At a Glance
- The Fiber-optic Improved Next generation Doppler Search (FINDS) project was an effort to improve exoplanet detection techniques using ground-based telescopes.
- The Planetary Society's members provided $45,000 to a team led by Dr. Debra Fischer at Yale University to demonstrate the feasibility of this system in observatories in California and Hawaii.
- The project improved a key observational metric helpful for detecting exoplanets by a factor of 2 and reduced data error rates by 30%.
In 2009, The Planetary Society helped a group of exoplanet hunters improve the way we search for other worlds.
Telescope spectrographs can detect the tiny wobbles of other stars, which indicate the presence of unseen planets. Wobbles created by Jupiter-like planets have speeds of several meters per second, but Earth-like planets might only shift their star by 10 centimeters per second.
It’s a tall order for spectrographs to look at stars thousands of light years away and detect motions slower than the pace of a person walking down the street. High-resolution spectrographs have lowered the exoplanet detection threshold to about a meter per second. But these instruments come with big price tags.
At Yale University, a team led by Debra Fischer, set out to improve existing spectrograph technologies. Spurred by a $45,000 grant from The Planetary Society, the team built FINDS (Fiber-optic Improved Next generation Doppler Search) Exo-Earths, a spectrograph add-on device.
A telescope collects starlight and focuses it on a lens that leads to a spectrometer. The light must be precisely focused at the center of the lens to obtain consistent, accurate measurements. This means a sudden gust of wind at the observatory or a vibration in the telescope’s guidance system can jiggle the starlight, causing data errors. One way to alleviate these errors is by sending the starlight through a fiber-optic cable. Fiber-optic cables have cores made of glass or plastic. Light entering the cable scatters, emerging into the spectrograph as an even cone. As a result, small telesccope variations won't have such a negative effect on the data. The tradeoff is that some of the starlight will be absorbed by the cable's insulation, but the net result should still be an improvement in resolution.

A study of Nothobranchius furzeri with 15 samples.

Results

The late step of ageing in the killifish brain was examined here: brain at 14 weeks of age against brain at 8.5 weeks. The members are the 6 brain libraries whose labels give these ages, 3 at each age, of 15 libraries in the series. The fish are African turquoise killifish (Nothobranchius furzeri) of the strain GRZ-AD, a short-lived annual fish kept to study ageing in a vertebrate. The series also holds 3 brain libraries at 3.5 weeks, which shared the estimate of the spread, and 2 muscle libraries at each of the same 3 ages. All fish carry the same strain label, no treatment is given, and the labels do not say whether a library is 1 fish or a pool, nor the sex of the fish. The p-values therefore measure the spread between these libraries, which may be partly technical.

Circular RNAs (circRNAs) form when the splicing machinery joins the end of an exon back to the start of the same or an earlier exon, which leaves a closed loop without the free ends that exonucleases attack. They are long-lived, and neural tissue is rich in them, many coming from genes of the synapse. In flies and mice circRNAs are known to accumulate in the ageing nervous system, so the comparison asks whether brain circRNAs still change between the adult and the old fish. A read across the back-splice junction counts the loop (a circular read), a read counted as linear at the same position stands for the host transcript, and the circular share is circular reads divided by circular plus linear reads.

The FINDS prototype was a 2-by-1 foot box containing the fiber-optic cable and a system of mirrors and lenses. It was installed on the 3-meter telescope at Lick Observatory near San Jose, California, and saw first light in July 2009. The FINDS team, led by Fischer, measured stars with well-known wobble rates to check the system's performance. The results were promising: FINDS had reduced data errors by 30 percent, with a light loss of just 20 percent.
Fischer and Spronck built another version of FINDS for one of the
10-meter Keck Observatory telescopes in Hawaii. The telescope's design
could not accommodate the original 2-by-1 foot box, so Spronck built a
tiny 3-by-1 inch version of the technology, which was called Matchbox
FINDS showed that fiber-optic systems are an effective way to increase the spectral resolution of telescope spectrographs. Similar systems have been used by exoplanet hunters around the world.
The team published 2 peer-reviewed technical papers outlining their experiment and results:
As for Fischer's team, they next took the technology to the Southern Hemisphere to search for exoplanets around our nearest stellar neighbor, Alpha Centauri.
Since 2009, Planetary Society members have supported work by Debra Fischer, one of the world's top exoplanet researchers. These projects have greatly improved our ability to search for Earth-like exoplanets.